Portofino Resources confirms lithium-rich brines at Yergo project in Argentina

Yergo lithium project. (Image courtesy of Portofino Resources).

Portofino Resources (TSXV: POR) reported that the 2021 geophysical survey and surface geochemical sampling program conducted at its Yergo lithium project in Argentina identified two large, anomalous sub-basins within the Aparejos Salar, which are characterized by very low resistivity. 

In a press release, Portofino said that the western sub-basin has approximate surface dimensions of 2,300m x 1,000m and a modeled depth of approximately 35m. The eastern sub-basin has an irregular surface expression measuring between 1,800m to 2,500m in length by approximately 700m in width with modeled depth.

The VES geophysical survey was conducted over the entirety of the Aparejos Salar and over areas just beyond the salar boundary. VES measurements were collected at 41 stations, which were used to calculate vertical changes in resistivity in the horizontally stratified lithological units and where low (1-4 ohms) and very low (<1ohm) resistivity values were interpreted as representing brine-bearing strata.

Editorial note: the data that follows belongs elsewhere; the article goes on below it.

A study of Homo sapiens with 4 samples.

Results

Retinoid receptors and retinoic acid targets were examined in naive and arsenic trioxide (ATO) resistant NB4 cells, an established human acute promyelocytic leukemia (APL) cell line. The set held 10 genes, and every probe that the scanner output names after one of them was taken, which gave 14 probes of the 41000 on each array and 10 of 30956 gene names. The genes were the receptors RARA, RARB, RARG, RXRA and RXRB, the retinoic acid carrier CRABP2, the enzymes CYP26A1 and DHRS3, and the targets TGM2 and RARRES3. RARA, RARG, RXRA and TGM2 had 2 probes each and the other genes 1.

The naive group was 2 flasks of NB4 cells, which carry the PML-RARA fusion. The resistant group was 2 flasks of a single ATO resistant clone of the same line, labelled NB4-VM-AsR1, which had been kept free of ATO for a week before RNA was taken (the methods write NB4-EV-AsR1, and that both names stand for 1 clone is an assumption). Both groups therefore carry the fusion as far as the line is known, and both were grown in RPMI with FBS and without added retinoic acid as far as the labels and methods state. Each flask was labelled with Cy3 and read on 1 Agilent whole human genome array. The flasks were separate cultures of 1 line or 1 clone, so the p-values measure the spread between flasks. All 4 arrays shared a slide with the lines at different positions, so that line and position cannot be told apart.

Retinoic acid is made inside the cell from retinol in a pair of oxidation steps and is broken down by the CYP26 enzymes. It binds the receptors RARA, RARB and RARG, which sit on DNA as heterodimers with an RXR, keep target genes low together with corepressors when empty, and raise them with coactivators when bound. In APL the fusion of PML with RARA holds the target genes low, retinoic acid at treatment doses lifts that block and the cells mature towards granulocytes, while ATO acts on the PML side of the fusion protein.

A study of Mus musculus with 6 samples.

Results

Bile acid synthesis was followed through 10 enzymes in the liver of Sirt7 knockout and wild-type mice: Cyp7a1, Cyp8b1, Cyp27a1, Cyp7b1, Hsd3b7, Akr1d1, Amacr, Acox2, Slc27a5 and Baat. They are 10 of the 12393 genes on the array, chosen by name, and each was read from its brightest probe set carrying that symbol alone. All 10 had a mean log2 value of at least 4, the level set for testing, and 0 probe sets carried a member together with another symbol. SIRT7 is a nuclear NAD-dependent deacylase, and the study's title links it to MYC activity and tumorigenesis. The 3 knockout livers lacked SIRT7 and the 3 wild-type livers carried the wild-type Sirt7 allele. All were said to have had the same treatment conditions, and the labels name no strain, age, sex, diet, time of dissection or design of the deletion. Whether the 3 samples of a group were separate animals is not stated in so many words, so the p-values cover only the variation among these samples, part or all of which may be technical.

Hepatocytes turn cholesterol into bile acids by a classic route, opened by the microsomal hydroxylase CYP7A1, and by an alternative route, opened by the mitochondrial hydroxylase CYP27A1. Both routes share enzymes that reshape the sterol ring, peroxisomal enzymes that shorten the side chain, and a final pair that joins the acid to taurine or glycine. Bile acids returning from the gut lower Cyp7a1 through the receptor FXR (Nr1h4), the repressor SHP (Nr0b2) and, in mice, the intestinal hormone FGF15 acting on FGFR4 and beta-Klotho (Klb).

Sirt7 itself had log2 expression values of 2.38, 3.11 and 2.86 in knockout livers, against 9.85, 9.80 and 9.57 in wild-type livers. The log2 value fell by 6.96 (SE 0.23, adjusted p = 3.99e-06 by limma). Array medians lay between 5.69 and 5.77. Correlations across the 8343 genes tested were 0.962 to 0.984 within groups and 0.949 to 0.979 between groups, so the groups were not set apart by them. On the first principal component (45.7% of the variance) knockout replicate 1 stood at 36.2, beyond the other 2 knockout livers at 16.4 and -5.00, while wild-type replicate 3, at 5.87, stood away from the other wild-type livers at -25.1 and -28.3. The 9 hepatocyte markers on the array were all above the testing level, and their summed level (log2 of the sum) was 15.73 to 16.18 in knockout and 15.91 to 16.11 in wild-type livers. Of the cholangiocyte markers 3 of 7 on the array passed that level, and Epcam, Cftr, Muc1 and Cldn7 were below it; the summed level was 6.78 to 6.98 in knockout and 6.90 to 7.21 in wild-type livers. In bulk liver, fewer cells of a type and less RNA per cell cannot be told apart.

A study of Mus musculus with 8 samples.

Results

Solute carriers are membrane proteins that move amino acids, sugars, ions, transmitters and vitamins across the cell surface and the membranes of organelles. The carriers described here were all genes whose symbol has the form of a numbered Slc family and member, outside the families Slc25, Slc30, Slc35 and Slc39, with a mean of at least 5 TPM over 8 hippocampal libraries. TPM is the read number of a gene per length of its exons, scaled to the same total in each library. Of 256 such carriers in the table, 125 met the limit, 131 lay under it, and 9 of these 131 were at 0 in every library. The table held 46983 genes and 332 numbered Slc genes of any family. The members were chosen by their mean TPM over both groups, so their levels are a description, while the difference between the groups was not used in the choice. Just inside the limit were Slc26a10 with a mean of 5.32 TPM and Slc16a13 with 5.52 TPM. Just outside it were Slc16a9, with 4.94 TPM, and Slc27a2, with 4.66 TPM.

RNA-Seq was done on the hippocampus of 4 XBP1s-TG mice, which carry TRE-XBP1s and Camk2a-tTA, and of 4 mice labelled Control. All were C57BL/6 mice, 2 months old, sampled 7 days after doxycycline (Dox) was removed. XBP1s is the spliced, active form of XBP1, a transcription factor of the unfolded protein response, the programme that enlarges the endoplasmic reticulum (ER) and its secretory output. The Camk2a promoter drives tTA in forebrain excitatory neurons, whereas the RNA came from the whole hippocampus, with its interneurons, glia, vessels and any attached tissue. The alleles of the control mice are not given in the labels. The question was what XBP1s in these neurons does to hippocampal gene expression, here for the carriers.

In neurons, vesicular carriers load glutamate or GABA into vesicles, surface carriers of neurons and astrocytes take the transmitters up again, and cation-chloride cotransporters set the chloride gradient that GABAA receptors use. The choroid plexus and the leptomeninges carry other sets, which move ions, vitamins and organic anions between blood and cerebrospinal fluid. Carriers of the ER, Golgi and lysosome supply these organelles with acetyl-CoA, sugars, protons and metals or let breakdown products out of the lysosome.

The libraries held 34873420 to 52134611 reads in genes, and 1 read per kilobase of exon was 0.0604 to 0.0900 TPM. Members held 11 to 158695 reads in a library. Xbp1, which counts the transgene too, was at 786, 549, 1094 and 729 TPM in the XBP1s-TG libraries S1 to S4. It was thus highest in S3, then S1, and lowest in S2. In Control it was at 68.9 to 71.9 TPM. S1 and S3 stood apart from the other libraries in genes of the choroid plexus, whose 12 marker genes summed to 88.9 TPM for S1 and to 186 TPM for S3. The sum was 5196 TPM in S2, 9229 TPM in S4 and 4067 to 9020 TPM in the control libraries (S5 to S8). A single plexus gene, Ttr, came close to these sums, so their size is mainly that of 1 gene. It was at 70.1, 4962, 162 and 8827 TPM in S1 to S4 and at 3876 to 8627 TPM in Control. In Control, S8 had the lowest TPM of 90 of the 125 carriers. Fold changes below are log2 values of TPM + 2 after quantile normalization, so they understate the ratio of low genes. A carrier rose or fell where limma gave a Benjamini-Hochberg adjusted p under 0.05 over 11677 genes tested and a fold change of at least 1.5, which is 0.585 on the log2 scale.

The Yergo lithium project encompasses the entire Aparejos Salar, which sits on the southern part of the ‘Lithium Triangle’

“The results obtained from the 2021 geological, geochemical and geophysical studies are highly favorable as they confirm the presence of lithium-rich brines and the potential volume of the brines within the Yergo lithium project,” David Tafel, Portofino CEO, said in a media statement.

According to Tafel, the next step for continuing exploration at Yergo will be to conduct an initial drill test of the Aparejos Salar in order to evaluate the volume and the Li and K content of the brines and sediments within the low to very low resistivity zones identified by the VES survey. 

The  2,932-hectare Yergo lithium project is located in the northwestern Catamarca province, some 15 kilometers of Neo Lithium Corp’s 3Q project. The property encompasses the entire Aparejos Salar, which sits on the southern part of the ‘Lithium Triangle.’